Founder of Emparity & Entrepreneurial Scientist.
Pahini pursued a PhD in cancer research at King’s College London followed by postdoctoral studies at the University of Cambridge. Throughout her journey as a scientist, she has worked towards facilitating translation of research to help the wider community through several leadership positions at the, Innovation Forum (KCL), Cambridge Consulting Network and Entrepreneurial Postdocs of Cambridge. More recently, she is working on building a tech venture using technology to empower patients and doctors for improving healthcare access.
She has also founded a non-profit, Emparity, which empowers women and educates children to eliminate poverty in India. Her efforts to promote women empowerment, gender parity and inclusivity are also channelled through her role as the Curator (Cambridge Hub), One Health tech and Biz Dev Manager at Scheherazade Speaks Science.
What does diversity mean to you?
Diversity is multidimensional and tough to explain but at a very high level, it’s pretty much what my mum often reminds us – “it takes all kinds of people to make this world”. I guess that’s very true, the pieces of a puzzle are not all alike but fit together to make a complete picture. If one piece goes missing, you cannot have the whole picture – as a biologist I dealt with this fact everyday. I think that’s what makes it so important and why we need to think more about inclusion.
Why do you care about diversity?
I have been lucky enough to have grown up in India and lived in London, places so rich in diversity – whether that’s people, thoughts, culture, food or language. This has instilled a deep sense of appreciation for the differences that we all have. Some of the people closest to me are fundamentally very different to me and they constantly challenge me to see the world in a different light. This experience has helped me grow immensely and is precisely why it’s so important at a personal level.
What inspired you to start your current journey?
I’ve always been a person who is driven by emotions and passion. Experiences throughout my life have served as the inspiration for each step of my journey. I guess, every time I felt strongly about some problem I got motivated to solve it. Counterintuitively, my biggest inspiration is frustration – for instance when I see my loved ones suffering and I cannot help. I guess that why I focused so much on translating research to healthcare and more recently promoting gender inclusivity and access to education.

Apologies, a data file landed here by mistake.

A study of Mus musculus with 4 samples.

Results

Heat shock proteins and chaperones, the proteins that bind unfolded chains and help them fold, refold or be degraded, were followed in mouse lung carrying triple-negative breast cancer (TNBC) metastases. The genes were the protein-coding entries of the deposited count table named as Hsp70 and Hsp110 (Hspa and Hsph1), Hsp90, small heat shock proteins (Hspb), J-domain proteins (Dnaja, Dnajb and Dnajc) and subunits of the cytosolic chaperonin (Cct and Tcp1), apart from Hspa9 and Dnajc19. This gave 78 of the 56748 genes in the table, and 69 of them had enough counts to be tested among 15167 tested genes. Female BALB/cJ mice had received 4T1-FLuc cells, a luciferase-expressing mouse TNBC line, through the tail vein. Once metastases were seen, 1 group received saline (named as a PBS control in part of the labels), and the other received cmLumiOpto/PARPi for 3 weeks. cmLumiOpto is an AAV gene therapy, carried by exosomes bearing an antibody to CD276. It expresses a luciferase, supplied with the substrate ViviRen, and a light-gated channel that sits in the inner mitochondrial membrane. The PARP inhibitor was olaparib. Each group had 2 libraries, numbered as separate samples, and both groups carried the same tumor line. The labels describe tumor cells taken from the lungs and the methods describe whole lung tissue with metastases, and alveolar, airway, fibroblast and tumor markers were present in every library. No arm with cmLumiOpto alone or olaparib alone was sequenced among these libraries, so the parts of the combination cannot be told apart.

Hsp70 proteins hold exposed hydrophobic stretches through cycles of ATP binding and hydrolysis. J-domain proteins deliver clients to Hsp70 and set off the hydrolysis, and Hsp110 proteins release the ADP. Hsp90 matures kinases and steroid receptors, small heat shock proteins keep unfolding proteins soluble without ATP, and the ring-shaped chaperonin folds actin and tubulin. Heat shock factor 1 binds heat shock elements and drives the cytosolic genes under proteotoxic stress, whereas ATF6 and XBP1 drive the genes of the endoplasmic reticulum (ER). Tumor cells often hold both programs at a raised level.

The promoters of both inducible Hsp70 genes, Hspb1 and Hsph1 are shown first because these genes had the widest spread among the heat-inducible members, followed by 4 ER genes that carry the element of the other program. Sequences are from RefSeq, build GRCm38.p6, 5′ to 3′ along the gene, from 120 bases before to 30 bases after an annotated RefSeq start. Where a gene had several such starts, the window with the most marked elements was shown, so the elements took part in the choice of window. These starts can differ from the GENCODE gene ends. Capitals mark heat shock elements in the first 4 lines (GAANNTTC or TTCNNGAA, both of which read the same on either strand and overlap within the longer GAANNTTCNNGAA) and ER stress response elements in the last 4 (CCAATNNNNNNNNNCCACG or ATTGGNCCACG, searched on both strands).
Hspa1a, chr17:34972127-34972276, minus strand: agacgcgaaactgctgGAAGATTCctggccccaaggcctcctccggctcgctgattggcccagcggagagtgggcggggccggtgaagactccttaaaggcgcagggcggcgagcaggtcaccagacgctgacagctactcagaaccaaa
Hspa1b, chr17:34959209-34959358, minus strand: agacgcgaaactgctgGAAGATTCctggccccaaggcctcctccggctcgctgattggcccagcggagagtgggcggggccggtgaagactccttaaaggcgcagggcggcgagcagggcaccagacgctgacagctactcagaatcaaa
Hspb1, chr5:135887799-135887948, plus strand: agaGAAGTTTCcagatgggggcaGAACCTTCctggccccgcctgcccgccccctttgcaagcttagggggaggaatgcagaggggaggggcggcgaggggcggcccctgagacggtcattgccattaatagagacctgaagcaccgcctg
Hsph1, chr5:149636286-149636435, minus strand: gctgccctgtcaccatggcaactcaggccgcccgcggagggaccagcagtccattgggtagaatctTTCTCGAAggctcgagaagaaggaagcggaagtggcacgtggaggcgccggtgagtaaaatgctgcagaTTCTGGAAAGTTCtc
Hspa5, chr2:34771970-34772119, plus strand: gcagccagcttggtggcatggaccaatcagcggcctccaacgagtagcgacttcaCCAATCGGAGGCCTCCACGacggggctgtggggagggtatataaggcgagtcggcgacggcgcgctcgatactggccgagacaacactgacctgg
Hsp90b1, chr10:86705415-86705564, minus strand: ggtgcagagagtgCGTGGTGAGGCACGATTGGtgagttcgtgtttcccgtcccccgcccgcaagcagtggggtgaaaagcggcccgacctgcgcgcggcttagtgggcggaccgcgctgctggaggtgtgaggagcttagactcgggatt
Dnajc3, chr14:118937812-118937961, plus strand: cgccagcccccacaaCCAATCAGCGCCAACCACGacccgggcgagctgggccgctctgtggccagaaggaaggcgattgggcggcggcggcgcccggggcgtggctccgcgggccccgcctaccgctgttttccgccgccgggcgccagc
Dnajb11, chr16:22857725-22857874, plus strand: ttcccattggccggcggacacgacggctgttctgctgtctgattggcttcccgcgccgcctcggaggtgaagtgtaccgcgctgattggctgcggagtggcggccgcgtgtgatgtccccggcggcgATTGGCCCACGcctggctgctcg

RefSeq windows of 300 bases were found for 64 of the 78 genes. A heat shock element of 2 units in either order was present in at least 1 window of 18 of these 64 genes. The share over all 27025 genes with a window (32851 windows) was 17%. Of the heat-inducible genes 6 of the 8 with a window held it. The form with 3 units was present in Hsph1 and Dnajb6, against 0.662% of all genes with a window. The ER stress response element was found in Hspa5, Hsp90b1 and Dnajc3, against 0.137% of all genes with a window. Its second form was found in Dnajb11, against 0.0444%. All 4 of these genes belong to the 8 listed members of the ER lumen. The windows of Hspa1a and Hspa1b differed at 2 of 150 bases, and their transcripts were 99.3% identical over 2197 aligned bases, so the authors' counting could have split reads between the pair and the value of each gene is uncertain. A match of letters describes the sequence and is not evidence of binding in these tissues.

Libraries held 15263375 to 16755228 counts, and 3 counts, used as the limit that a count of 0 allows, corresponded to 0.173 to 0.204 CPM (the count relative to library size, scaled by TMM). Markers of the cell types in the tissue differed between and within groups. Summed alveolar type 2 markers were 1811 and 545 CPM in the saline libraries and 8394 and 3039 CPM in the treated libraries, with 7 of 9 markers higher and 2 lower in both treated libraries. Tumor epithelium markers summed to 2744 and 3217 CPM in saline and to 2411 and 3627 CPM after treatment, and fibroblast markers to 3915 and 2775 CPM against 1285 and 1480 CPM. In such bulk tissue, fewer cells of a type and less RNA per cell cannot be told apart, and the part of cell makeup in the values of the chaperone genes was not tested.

Who is your role model?
I haven’t had one single role model but lots of different role models. Most of my role models are people I see, meet or work with in daily life. Each of them have something that makes me look up to them. I guess, diversity plays a massive role here too!
What is one thing you wish you knew five years ago?
It’s not just what you know but who you know matters too – people often tend to look at this as who you are connected with/ what networks you have. In reality it is the diversity of those networks that really matters, it will directly affect what you know too. Never dismiss anyone just because you don’t find anything in common with them, treat it as a learning experience.
What is your advice to a young person starting their career or entrepreneurial journey?
Be curious and be persistent. Curiosity will help you discover things you never thought were possible and persistence will help you achieve those things. Failure will be everywhere you go, so don’t give up, treat it as a step towards success and focus on what you learn from it.